Here is another coin from the collection of detecting finds built up over the years by Bill Byford. He thought it might interest me as it is Scottish and this is a series of coins in which I’ve always been keen.
The coin is a cut halfpenny of Alexander III, which is an example of this king’s voided long cross and stars type. This type was struck during the same period of Henry III of England’s voided long cross coinage.
The bust on the obverse isn’t clear enough for me to pin it down to a specific class, which is a pity. However, what remains of the legend on the reverse reads WA RES, so the moneyer will be Walter.
RES make up the last three letters of the mint signature, the first letter – F – would have been on the missing half. In Part II of the auction of Scottish coins in the Lockett collection a couple of Alexander III pennies had the FRES mint signature and were attributed to Forres, which had formerly been a royal burgh. Forres is situated on the Moray coast about 25 miles north east of Inverness. This certainly seems like a strong candidate for the mint but I should mention that over more recent years FRES has been attributed to Dumfries.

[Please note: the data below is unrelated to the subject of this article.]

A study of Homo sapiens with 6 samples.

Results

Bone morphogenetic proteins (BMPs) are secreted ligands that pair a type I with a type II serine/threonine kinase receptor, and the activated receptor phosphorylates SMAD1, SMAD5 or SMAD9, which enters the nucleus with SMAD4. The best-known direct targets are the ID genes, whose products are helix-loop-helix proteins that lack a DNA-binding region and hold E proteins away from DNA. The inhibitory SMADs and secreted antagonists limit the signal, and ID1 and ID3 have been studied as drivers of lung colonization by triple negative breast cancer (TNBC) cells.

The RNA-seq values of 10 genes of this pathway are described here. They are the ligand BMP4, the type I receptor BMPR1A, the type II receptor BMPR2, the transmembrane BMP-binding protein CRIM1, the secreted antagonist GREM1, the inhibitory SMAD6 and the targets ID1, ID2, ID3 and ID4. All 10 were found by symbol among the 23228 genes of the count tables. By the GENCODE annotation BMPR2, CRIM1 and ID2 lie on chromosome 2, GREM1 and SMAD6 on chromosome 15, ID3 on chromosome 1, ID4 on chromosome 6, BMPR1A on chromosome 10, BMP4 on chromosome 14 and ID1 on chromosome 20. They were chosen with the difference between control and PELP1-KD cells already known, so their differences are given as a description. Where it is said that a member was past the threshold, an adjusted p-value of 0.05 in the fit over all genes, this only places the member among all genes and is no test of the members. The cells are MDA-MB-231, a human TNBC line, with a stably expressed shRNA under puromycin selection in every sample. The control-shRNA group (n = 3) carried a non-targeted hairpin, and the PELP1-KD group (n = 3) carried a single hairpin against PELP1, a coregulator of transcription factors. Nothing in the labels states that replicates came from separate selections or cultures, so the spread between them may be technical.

Bill’s find is well struck and in VF condition. What would it be worth? Well, I can’t pin it down to a class and this is a minus point, as is the fact that it is a cut halfpenny rather than a whole penny. A significant plus point is the mint signature, which is one of the rarest for the voided short cross and stars type of Alexander III. As it stands, I’d put a price range of £50 – £60 on this Scottish rarity.